The Noneuclidean Nature Of Our Universe

The previous section was not only a fun digression into a particularly simple model of a curved geometry; it also contains some of the key features of Einstein's eventual unification of gravity with special relativity, and identification of gravity as a kind of curvature. This was the celebrated general theory of relativity. One of the chapters in Einstein's 1920 book Relativity: The Special and General Theory is titled "The Space-Time Continuum of the General Theory of Relativity Is not a Euclidean Continuum." The general theory of relativity holds that space and time are inextricably linked, both parts of a single four-dimensional geometrical space, which can be (indeed, must be, in the presence of matter) curved and whose curvature gives rise to the influence we commonly know and experience as gravity.

For weak gravitational fields or empty space, the general theory of relativity reduces to the special relativity just discussed.

This is because the geometry of the four-dimensional spacetime is set up in such a way that, locally near each space-time point (or "event") there exists a coordinate system (x, t) similar to the in-ertial frames we have been using. Also in this local neighborhood of a space-time point, the metric or distance function, can be put into the form that we found above for the invariant relativistic interval, thus completing the statement that locally, or in situations where the gravitational field can be regarded as weak, general relativity reduces to special relativity.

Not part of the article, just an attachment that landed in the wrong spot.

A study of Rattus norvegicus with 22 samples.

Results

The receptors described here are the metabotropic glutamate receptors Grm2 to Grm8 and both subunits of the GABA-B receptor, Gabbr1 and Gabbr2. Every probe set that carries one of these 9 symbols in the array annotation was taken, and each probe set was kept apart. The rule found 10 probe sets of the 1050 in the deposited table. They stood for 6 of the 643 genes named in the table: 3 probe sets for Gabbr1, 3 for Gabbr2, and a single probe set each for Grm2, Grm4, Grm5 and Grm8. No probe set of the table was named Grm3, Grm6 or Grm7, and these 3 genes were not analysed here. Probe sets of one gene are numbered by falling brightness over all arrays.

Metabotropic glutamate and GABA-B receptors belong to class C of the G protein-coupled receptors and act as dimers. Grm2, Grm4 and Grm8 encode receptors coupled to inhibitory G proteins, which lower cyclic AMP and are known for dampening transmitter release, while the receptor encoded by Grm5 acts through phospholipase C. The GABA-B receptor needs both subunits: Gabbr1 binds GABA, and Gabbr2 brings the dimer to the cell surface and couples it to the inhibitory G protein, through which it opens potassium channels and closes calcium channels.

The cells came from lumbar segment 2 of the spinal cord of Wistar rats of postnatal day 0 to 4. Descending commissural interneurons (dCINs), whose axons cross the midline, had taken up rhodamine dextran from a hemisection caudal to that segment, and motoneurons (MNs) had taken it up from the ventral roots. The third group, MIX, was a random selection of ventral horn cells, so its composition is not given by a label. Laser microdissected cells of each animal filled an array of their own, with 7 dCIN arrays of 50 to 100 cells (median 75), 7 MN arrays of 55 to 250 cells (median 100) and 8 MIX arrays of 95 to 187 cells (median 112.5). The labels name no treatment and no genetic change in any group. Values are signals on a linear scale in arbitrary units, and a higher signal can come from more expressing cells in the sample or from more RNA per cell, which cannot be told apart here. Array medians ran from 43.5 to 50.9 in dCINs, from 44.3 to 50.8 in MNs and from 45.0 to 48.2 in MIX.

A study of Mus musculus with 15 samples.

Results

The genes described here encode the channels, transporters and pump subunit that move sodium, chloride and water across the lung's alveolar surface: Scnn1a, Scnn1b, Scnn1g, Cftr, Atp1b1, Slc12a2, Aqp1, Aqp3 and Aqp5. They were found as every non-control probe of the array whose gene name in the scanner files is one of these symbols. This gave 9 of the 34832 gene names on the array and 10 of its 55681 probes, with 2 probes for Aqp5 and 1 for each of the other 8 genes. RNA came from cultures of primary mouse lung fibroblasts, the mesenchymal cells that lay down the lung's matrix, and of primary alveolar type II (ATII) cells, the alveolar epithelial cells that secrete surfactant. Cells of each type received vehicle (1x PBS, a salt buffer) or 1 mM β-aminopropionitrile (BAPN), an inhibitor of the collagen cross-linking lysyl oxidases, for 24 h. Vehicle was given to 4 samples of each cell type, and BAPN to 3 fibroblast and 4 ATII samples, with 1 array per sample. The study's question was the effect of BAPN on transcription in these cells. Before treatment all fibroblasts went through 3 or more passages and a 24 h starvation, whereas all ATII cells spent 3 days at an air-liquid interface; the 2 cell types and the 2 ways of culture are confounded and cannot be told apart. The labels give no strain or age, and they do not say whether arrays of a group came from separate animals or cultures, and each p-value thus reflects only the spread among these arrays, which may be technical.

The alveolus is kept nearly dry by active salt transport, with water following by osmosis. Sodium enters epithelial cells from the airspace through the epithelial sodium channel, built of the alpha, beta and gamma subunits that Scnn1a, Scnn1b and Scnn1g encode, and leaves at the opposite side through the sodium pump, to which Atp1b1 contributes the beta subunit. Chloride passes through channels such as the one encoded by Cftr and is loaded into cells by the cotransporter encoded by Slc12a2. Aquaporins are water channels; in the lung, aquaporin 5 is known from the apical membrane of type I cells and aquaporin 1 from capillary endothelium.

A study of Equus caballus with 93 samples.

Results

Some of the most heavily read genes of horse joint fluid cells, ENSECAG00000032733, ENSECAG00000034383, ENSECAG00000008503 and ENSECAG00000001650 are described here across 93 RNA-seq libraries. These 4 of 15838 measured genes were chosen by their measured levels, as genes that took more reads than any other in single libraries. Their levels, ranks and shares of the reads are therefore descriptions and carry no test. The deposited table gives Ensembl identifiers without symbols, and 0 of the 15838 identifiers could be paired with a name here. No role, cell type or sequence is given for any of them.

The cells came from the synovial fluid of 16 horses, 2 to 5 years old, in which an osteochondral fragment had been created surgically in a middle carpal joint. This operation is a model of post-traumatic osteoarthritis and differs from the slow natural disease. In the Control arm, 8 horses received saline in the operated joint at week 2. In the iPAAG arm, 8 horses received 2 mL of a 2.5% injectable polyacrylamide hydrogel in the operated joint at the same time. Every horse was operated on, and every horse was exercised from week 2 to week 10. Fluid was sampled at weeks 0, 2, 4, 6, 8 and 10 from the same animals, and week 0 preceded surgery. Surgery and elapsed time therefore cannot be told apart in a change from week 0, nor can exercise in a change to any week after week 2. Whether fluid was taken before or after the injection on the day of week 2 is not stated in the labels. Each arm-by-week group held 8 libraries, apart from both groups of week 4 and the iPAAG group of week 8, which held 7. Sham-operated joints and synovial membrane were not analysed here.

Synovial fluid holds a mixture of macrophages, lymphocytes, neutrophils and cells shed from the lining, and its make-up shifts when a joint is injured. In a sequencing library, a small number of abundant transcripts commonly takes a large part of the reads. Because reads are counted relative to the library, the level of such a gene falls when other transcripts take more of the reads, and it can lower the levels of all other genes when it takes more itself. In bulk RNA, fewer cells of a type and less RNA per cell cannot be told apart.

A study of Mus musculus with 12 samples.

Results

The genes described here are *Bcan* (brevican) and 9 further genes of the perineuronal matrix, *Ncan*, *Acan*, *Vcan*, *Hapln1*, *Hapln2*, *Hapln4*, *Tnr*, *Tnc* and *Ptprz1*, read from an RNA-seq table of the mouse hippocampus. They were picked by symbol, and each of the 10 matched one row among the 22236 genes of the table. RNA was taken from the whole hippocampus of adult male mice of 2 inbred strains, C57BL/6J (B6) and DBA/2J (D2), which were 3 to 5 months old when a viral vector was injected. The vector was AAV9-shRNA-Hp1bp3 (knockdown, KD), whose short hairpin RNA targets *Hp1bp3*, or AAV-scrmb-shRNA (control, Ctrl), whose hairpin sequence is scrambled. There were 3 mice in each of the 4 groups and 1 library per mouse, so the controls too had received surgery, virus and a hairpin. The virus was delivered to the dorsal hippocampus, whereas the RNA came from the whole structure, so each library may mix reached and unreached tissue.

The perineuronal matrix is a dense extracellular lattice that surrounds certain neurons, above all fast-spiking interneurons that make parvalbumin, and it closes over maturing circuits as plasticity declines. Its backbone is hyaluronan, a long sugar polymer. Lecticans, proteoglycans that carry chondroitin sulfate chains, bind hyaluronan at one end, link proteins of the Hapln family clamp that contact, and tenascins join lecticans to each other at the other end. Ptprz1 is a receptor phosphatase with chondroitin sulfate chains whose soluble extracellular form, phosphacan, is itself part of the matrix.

Using general relativity, Einstein predicted several phenomena that were subsequently found to be accurate by experiments— phenomena that cannot be explained either using Newton's theory or by special relativity. We now describe an example of one such phenomenon. As noted in Chapter 3 (Figure 3.3), the perihelion of a planet's orbit is the unique point on its orbital trajectory when it is closest to the Sun. Let us fix our attention on a single planet, say, Mercury. If you draw a ray from the center of the Sun to Mercury's perihelion, it turns out that even in a coordinate system where the center of the Sun is fixed, the ray from the center of the Sun to the perihelion of Mercury changes ever so slightly as a function of time. The precise nature of this change is called precession; roughly speaking, this means that the tip of the ray we have drawn follows a circular path, although the length of the ray does not change. This phenomenon, called the perihelion precession of Mercury, was first explained properly by Einstein using general relativity.